Muryoju-kyo Ubataisha Ganshoge (the Verses on the Aspiration to Be Born in the Pure Land) (無量寿経優婆提舎願生偈)

"Muryoju-kyo Ubataisha Ganshoge" is a commentary on "Muryoju-kyo Bussetu Muryoju-kyo (the Sutra on the Buddha of Immeasurable Life)" compiled by Seshin, which was translated into Chinese by Bodhiruci in the Northern Wei dynasty. As of 2008, the Sanskrit original is not in existent and only the Bodhiruci version remains in Chinese translations. In general, it is called "Jodoron (the Treatise on the Pure Land)" for short, and also called "Ojoron (the Treatise on Rebirth in the Pure Land)" and "Muryoju-kyoron (the Treatise on the Sutra of Immeasurable Life)". The original title is formally written "無量壽經優婆提舍願生偈" (compiled by Vasubandhu and translated by Bodhiruci in the later Wei dynasty).

It consists of gaathaa (verse) and chogo (prose), and the latter in particular expounds "gonenmon" (Five Practice-Gates of Mindfulness) as a way of Jodo Ojo (Rebirth in the Pure Land).

The 'gonenmon' refers to 'reihaimon' (the gate of worship), 'santanmon' (the gate of praise), 'saganmon' (the gate of aspiration) 'kanzatsumon' (the gate of contemplation) and 'ekomon' (the gate of directing virtue). In particular, the Muryoju-kyo Ubataisha Ganshoge focuses on the 'kanzatsumon' which is to contemplate the pure land consisting of 17 kinds of kokudo shogon (the adornment of land), eight kinds of hotoke shogon (仏荘厳) (the adornment of the Buddhas) and four kinds of bosatsu shogon (the adornment of Bodhisattvas).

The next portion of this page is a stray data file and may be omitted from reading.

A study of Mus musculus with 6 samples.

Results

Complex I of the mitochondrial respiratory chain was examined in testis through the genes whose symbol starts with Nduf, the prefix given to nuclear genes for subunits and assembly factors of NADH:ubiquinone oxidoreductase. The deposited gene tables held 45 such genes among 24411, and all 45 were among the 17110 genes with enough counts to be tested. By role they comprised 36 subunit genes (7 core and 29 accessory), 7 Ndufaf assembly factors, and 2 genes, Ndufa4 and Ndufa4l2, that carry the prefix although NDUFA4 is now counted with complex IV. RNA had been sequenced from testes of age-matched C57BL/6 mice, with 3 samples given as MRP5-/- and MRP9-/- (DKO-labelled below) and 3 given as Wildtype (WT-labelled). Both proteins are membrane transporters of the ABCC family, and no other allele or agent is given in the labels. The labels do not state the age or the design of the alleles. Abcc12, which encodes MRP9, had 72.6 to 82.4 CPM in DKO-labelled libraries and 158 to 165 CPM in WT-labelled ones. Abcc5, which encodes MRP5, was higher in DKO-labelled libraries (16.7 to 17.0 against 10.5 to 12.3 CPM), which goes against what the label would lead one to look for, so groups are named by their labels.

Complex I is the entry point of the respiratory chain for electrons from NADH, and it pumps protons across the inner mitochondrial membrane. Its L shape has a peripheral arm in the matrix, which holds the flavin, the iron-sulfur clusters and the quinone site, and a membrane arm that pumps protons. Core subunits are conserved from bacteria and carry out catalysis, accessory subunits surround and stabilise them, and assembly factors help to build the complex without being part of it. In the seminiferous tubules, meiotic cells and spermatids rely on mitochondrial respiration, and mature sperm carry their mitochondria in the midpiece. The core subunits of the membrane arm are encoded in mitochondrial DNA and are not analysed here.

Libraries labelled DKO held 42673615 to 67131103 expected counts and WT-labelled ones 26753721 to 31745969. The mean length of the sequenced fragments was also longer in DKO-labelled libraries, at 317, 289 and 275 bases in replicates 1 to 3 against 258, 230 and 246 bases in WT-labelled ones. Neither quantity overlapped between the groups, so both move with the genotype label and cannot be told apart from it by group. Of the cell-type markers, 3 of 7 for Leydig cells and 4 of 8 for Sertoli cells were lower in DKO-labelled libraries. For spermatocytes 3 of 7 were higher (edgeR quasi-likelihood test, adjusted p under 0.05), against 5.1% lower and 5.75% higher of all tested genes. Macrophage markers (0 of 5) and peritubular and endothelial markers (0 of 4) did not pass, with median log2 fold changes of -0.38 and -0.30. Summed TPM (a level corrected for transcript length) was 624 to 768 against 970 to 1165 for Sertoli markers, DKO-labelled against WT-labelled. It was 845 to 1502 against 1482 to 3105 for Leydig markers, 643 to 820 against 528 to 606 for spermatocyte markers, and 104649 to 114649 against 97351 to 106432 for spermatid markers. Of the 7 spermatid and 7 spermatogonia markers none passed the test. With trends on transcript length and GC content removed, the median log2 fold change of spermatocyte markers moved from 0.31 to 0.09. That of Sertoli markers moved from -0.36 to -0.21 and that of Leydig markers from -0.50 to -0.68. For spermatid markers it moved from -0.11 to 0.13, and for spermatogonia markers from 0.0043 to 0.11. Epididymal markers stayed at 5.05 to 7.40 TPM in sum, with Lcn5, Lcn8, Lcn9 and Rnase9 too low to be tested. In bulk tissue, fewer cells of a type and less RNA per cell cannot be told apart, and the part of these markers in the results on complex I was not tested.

China

As mentioned above, it was translated into Chinese by Bodhiruci.

Donran who was a friend of Bodhiruci gave a commentary to the "Jodoron" and compiled "Muryoju-kyo Ubadaisha Ganshogechu" which is called "Jodoronchu (the Commentary on Treatise on the Pure Land) or "Ojoronchu (the Commentary on the Treatise on Rebirth in the Pure Land)" for short.

Japan

Influenced by the thought, Honen valued it as 'sangyo Ichiron' (the three sutras and one commentary) along with 'Jodo sanbu kyo' (the three Pure Land sutras).